There has been much discussion about whether or not the Apple Watch has a “killer app” that will drive adoption. For instance, CNBC recently speculated that interest in the Apple Watch is waning because it lacks a killer app. Personally, I think the idea that a killer app is required to ensure the success of a new personal electronics device is a significantly over-stated. After all, what was the single killer app that drove adoption of the original iPhone? In the end, adoption of a new gadget usually occurs for multiple reasons and cannot be credited to any single killer app. In fact, I believe that usually there are different killer apps that are applicable to different audiences or, as Ken Segall does a good job of explaining, perhaps a combination of different apps are worth the price of admission and drive adoption.
In the case of the Apple Watch, a killer app does exist for one specific audience. As a member of that audience, allow me to explain by first describing how I have historically used my iPhone to track my exercise patterns. For the past several years, I required all of the following devices when working out:
- My iPhone 6+ for GPS tracking and, when combined with a good pair of running earbuds, for music.
- A Polar Bluetooth Stride Sensor foot pod for distance tracking indoors.
- A Polar chest strap heart rate monitor for tracking my heart rate and getting a more accurate read on calories burned.
- An online tracking service and app to gather all of this information and report on it. (I have used both Digifit and Polar Flow for this at different times in the past.)
All of these gadgets were necessary just to allow me to track how much and how hard I was working out. It may seem overkill, but for me it was extremely motivational.
Then the Apple Watch came along and I bought it with the expectation that I could replace all of these gadgets with just the Apple Watch and a pair of Bluetooth headphones. I would no longer have to take the time before working out to strap on my heart rate monitor. I would no longer have to remember to get the right pair of running shoes that have my foot pod on them. And perhaps most importantly, I would no longer have to carry my bulky iPhone 6+ along on my runs and hikes. For me, that is a killer app.
So has the Apple Watch lived up to my expectations and truly replaced all of these devices? As with many first generation products, the answer is “mostly”. I find that the heart rate monitoring and distance tracking capabilities of the Apple Watch are good enough for my purposes. I have tested it against my former devices on known courses and the results reported by the Apple Watch are in line with what I used to see from my Polar trackers. It also does a capable job of playing music via a new set of Bluetooth headphones that I purchased. (More on them later because I really like them.)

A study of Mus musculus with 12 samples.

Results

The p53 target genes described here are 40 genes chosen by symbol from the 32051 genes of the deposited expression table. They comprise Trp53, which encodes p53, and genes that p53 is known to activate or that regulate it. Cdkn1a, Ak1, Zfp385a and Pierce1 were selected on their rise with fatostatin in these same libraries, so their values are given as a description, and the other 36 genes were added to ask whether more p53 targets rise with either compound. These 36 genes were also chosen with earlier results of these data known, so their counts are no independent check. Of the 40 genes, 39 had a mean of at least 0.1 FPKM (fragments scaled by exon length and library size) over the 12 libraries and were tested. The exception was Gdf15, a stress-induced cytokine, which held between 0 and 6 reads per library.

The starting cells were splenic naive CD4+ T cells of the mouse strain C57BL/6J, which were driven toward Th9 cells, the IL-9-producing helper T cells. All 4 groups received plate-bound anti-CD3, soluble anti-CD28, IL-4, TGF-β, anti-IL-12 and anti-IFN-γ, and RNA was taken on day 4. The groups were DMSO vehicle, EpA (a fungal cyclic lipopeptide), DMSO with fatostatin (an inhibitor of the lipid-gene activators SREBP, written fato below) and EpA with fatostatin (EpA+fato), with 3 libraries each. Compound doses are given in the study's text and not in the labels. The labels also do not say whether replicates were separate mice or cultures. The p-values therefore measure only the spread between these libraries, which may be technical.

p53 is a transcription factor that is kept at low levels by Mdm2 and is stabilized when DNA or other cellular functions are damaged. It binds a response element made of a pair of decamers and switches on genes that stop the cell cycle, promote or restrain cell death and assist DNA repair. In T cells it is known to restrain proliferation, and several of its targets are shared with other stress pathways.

However, as an exercise tracker, the Apple Watch does fall down in two key areas. First and most importantly to me, I cannot play audiobooks on the Apple Watch yet. This is a huge miss because when I am on a long run or hike, I want to listen to an audiobook to take my mind off the fact that my heart rate is up around 150 beats per minute, since if I focused on my heart rate, I might die. Second, the reporting that is available on the iPhone today is substandard. You can see in the embedded images that if I want to see a snapshot of the results of an individual workout, the report is pretty good. However, the whole point of monitoring workout times, calories and distances is to see how much more or less I am working out over time. As the image titled “Fitness Tracking on iPhone” shows, the dashboards available to show this information are subpar and that is being generous. The scales are impossible to read and the information is presented in a terrible format. Also, you cannot even see how your heart rate tracked over the course of a workout. Further, none of this information is available online at a website or on other devices – only via Apple’s native apps on the iPhone.
These are rather significant flaws, but I expect both to be fixed when Apple allows third parter apps to run natively on the Apple Watch, starting this fall. Other fitness tracking companies will surely see how inferior Apple’s own native tracking apps are and will use the Apple Watch heart rate monitoring and distance tracking natively in order to pull the information they need for their own dashboards. I also expect that Audible will develop a native Apple Watch app that will allow users to play audiobooks directly from the Apple Watch to Bluetooth headphones.
So in total, the fitness tracking capabilities of the Apple Watch are a killer app for fitness tracking nuts such as myself. However, work still needs to be done to make full use of those capabilities.